The Evolution of Awesome Nature Shows

Remember when you walked into 8th grade Biology and saw the TV on the cart and thought, "SCORE, this means I get 50 minutes of nap goodness!"?

Remember when those videos were just clips of cuttlefish "cuddling" while an old guy with suede elbow patches sitting in front of shelves filled with leather-bound books blabbed on about their scientific name and when they were discovered?

Rejoice, 90's children. THOSE DAYS ARE GONE.

Because for the first time ever, nature shows are awesome. Planet Earth, Life, Frozen Planet...basically anything made by the BBC. And don't try to tell me that anything else remotely competes. Disney Nature? Come on. (And generally speaking, I love all things Disney.) Even the Planet Earth version with Sigourney Weaver narrating does not measure up. David Attenborough wipes the floor with that redheaded giant.

Here are some reasons why I believe nature shows are better than ever before:

1) They ditched the interviews.

What? But your "expert" won three Nobel prizes? That's adorable. Now we have ALEC BALDWIN. Jack Donaghy taught me about narwhals the other day. No amount of 80's haircuts or bowties (ironic or otherwise) can beat that. Celebrity voiceovers for the win. (This could get dicey if we ever let the wrong people be in charge of picking the voiceover talent. But I trust the BBC. British people are smart. They won't let me down...right?)

2) High definition.

I think this was the boost nature shows needed for them to soar into awesomeness. Brilliant colors. Details. Nature's not so amazing when it's pixelated. Or when it has one of those static lines running across it every five minutes. (Remember "tracking?")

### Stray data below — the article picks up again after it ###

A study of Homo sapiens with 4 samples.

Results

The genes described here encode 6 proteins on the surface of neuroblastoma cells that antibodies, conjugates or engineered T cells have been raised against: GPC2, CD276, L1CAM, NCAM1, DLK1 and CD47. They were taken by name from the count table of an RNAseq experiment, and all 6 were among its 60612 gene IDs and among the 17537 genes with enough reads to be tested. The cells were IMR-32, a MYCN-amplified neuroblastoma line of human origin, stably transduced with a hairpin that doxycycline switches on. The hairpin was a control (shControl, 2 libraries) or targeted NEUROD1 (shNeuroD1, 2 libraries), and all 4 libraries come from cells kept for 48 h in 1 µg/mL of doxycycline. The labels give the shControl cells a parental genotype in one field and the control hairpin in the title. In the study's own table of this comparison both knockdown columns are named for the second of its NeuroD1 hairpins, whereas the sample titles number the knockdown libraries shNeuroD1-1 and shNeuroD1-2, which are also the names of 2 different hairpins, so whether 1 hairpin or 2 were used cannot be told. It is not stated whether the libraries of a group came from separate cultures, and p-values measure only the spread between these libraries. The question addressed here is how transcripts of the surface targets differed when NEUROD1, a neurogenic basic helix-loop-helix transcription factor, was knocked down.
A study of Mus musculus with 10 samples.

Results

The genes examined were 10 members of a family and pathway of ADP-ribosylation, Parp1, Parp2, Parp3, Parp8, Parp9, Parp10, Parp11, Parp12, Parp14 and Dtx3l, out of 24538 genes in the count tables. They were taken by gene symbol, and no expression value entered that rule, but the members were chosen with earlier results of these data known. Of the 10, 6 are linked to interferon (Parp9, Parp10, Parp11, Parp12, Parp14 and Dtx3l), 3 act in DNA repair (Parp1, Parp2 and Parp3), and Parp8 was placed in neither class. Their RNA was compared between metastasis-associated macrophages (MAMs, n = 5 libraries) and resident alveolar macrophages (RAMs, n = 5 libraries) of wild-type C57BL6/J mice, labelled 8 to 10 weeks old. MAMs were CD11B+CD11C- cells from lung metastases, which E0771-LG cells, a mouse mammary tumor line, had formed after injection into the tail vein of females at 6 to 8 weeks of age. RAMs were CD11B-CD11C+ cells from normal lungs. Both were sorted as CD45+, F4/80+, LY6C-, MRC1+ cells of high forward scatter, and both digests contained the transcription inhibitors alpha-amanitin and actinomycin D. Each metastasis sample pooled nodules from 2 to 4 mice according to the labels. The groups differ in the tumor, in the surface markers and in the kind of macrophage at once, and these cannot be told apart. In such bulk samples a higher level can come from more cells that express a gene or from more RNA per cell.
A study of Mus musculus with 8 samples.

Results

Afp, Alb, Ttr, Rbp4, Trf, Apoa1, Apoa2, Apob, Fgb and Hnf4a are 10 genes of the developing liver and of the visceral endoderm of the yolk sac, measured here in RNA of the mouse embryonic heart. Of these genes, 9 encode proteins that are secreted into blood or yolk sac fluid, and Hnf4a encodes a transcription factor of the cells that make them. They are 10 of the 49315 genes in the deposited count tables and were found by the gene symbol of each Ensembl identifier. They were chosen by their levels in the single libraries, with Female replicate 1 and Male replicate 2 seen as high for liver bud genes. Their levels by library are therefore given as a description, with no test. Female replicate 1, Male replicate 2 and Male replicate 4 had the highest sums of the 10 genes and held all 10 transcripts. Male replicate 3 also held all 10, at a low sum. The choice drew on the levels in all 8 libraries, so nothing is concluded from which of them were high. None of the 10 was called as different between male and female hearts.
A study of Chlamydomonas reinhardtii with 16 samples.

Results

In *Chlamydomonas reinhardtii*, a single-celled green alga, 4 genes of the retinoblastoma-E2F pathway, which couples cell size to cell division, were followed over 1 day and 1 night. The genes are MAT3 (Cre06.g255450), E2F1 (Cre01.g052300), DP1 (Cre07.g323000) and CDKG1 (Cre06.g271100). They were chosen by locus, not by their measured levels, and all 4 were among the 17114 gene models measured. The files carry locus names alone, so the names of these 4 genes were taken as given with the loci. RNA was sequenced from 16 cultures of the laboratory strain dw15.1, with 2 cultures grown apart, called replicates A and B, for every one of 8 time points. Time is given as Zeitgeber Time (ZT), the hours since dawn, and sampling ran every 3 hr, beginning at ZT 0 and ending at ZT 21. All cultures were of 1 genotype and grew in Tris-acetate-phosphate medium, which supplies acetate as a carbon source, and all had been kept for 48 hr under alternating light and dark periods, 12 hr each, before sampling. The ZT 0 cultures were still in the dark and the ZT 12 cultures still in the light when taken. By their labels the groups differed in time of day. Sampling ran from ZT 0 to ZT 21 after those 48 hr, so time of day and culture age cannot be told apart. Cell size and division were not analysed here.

3) Time-lapse magic.

Proof that slow and steady wins the race. I think they filmed Planet Earth over the course of about 5 years. Guys sat in little camouflage lean-to's for days at a time to catch a glimpse of a bird decorating his home for the ladies. They left cameras in the same exact place for months so that we could watch a creepy fungus grow straight through an ant's head in a matter of seconds. That kind of dedication pays off.

4) Fun animal names.

Nature videos used to only cover animals you'd at least heard of. Whales. A starfish or two. Cheetahs. But now, due to the vast array of "never before captured on film" moments BBC has managed to get (see aforementioned dedication and lean-tos), we have the opportunity to discover lots of new animals with fun names. Wooly Bear Caterpillars and Snot-Nosed Monkeys are my favorite so far. (I think that is actually supposed to be "Snub-Nosed," but Attenborough has an accent and I choose to believe he's saying "snot.")

5) They have harnessed our short attention-spans.

I think they accomplish this by moving around the globe every 10 minutes or so and not focusing too long on one animal at a time. That was probably the mistake the old videos made (among many). No one wants to watch giraffes eat leaves for 30 minutes. We want to watch a Wooly Bear Caterpillar speed-wrap a cocoon in 15 seconds. We want to watch an African elephant save her baby from the mud and then hop on over to South Asia to see a monkey crack a nut with a rock. BBC gets this about us. Apparently the UK understands us better than we understand ourselves.

What's your favorite animal you've seen on a nature show? (Don't act like you never watch them.)